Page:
Back in the early days of web design, sites were built with fairly universal HTML attributes. At the time, when you saw an image on a page, the file for that image had to exist in a local folder where the HTML page could find it. But on the off chance the image didn’t show up on a viewer’s browser, designers had intentionally added an ALT attribute with a short snippet of text describing the image. That way, when a visitor saw a page where the image wasn’t working, at least the page would show a simple description of what was supposed to be there.
Search engines found this attribute quite useful as well. Since the search engine spiders were just programs and had no way of interpreting an image like a human, they actually depended on relevant descriptions. The spiders would find an IMG tag, look for the ALT attribute, and prepare to index the keyword values that had been given to the image. Unfortunately in 2016, these spiders come up short in far too many cases.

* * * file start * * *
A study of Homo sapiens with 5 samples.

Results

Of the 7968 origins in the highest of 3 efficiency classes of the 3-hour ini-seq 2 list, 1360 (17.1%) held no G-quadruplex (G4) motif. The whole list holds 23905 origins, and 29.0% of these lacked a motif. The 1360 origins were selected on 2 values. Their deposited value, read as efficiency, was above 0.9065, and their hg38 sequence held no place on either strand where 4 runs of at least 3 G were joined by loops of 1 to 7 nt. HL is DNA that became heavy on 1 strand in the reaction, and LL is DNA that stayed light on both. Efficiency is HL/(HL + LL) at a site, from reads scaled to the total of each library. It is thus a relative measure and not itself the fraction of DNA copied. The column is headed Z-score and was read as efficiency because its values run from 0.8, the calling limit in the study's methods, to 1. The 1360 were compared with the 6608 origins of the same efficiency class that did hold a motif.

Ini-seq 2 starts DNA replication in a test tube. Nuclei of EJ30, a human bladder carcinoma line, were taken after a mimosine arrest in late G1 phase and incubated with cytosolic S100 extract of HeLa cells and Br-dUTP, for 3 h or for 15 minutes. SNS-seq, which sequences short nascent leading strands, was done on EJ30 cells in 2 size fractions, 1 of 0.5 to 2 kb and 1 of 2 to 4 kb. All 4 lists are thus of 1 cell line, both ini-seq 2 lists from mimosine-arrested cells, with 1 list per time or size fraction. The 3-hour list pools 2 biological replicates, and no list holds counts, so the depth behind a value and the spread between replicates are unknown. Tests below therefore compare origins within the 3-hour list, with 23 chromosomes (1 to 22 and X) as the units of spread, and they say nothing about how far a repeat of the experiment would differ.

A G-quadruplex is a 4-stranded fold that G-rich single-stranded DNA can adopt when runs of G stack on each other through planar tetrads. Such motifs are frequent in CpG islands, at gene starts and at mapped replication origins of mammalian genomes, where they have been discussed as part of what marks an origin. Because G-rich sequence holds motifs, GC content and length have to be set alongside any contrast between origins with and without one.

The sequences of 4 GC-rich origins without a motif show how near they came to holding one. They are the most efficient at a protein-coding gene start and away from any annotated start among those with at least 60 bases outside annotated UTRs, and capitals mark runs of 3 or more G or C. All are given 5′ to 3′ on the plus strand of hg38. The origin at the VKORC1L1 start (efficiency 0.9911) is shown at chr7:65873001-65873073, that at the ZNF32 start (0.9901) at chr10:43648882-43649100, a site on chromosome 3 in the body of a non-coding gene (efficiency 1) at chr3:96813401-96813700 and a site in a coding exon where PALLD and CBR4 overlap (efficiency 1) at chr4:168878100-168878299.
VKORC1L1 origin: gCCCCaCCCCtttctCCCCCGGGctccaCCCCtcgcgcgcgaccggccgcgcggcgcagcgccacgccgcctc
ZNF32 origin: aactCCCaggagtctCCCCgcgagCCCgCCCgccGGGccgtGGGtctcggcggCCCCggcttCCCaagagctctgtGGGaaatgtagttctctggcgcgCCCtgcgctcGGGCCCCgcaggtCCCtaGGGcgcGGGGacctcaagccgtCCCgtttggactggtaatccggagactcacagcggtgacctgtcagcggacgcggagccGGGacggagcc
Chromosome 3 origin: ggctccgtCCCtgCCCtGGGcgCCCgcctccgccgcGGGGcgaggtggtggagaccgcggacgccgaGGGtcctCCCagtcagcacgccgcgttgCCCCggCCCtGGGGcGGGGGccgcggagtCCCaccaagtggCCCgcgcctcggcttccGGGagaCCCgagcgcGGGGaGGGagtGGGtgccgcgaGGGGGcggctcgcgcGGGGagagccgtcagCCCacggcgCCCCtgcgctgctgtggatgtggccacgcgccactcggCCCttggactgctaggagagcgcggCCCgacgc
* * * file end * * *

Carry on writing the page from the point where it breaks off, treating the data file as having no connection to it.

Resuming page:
Why does this happen?
The simple answer is that content management systems (CMS), like the immmensely popular WordPress, have made it easier to upload images and gloss over the embedded ALT attribute. Since they were never required to begin with and they’re still not required, it has become extremely easy to plug an image onto a page without having any sense of SEO value for that image.
But can’t my image still show up on Google even if I don’t use ALT attributes?
Sure it can. But in that case, any value comes by association. Your image would simply be indexed by keywords from the page, rather than the image having its own value attributed independently from the page. At the end of the day, for sites with, say, 100-200 images in a WordPress library, attributing values to every image would take the better part of two hours. If you’re an SEO professional, just take the two hours and do it. Your client will probably never know you did, but after a few days, Google sure will.